One man's view of theology, sports, politics, and whatever else in life that happens to interest me. A little bit about me.

Wednesday, June 10, 2015

TOMS: Acts 10

For an introduction to this series, click here.

June 10, 2007

My computer monitor fizzled last week, so I went most of the week without a computer. No computer, no blog. But we're back now!

This chapter is one of the crucial passages in all the Bible. It tells the story of how Gentiles were brought into the Church. We are not sure exactly when this took place, but we assume it was at least a couple of years, perhaps longer, after the church began. For all of the church's existence up to this point, it was a Jewish religion. Kind of an offshoot of Judaism. The Apostles really had no idea that God planned to bring Gentiles into the family of Christ, even though there are hundreds of passages in the Old Testament about Gentiles coming to know the Lord.

Anyway, the story starts out by introducing us to a Roman centurion by the name of Cornelius. Here was a man who had been influenced somewhat by the Jews. He "feared God" which means he probably made sacrifices to God and possibly attended the synagogue. We are told that he prayed and gave alms. Then he saw a vision of an angel, appearing to him and telling him to send for a man named Peter.

Meanwhile Peter was seeing a vision of his own. He saw a vision of all kinds of unclean animals and a voice from heaven that said "Rise, Peter; kill and eat." (10:13) Peter refused, saying "By no means, Lord; for I have never eaten anything that is common or unclean." (10:14) God responded with "What God has made clean, do not call common." (10:15) Of course God was trying to introduce Peter to a new concept: that Gentiles were going to be welcome in the new church.

Peter learned his lesson well: "You yourselves know how unlawful it is for a Jew to associate with or to visit anyone of another nation, but God has shown me that I should not call any person common or unclean. So when I was sent for, I came without objection." (10:28-29) It was this moment that expanded the church to what it is today. The Apostles really had no idea what they were starting, but they just let the Lord lead.

Luke records that the people who believed began to speak in tongues: "While Peter was still saying these things, the Holy Spirit fell on all who heard the word. And the believers from among the circumcised who had come with Peter were amazed, because the gift of the Holy Spirit was poured out even on the Gentiles. For they were hearing them speaking in tongues and extolling God." (10:44-46, ESV) This passage more than any other demonstrates the true purpose of the gift of tongues. The gift was to demonstrate to the Jews that the church, and secondarily the expansion of the church to include Gentiles, was a legitimate work of God. Once there was no need to vindicate God's work, there was no need for the gift.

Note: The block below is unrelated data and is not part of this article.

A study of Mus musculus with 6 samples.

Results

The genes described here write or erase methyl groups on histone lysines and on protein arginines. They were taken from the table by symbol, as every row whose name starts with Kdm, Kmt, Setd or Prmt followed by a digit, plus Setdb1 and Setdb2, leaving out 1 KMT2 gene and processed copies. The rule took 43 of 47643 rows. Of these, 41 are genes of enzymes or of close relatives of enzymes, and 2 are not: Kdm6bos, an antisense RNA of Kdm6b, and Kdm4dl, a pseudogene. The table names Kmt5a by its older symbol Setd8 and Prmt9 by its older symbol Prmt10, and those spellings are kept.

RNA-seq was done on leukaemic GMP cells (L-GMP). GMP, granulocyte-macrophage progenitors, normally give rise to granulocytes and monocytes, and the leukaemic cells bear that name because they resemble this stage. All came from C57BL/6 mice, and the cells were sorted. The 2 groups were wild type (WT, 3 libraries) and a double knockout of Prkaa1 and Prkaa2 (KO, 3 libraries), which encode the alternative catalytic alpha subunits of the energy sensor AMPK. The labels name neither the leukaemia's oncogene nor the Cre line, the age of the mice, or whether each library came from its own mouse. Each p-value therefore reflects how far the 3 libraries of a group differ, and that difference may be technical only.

I have a lot of questions and doubts as to whether any of the gifts described in the New Testament are for the church today. I know there are lots of people who try to differentiate between the gifts, saying that some are for today and some ceased, but nowhere in the Bible will you find that there was a difference between the gifts. Paul and the other New Testament writers treat them all the same. 

Maybe I have struggles with this topic because I don't see any sort of gift in my life. I also must say I have never heard any truly Biblical teaching on the subject that makes me want to believe in it. All I have ever heard is that gifts are an outworking of one's personality. The teaching either consists of stories demonstrating how different people approach life in the church differently or I am handed a bad "personality test" and then told what my gifts are based on the results. I'm sorry, but it's not miraculous when everybody has a different personality. When Paul tells the Corinthians to desire the best gifts, is he telling them to change their personality? Most teachers today would say no, but by their teaching Paul is telling the Corinthians to perform an impossibility. I don't know. I know God can change people's outlook and approach to life. I've seen it happen. Is that changing someone's personality? Perhaps it is. I would appreciate any feedback.

1 comment:

  1. I remember this explanation from many years ago: the gift was given until Jesus was born, crucified and risen.
    The gift is for every body who wants to accept it. There are people who receive it, others do not. It is like when the rain passes through and we are not in the area where it rained.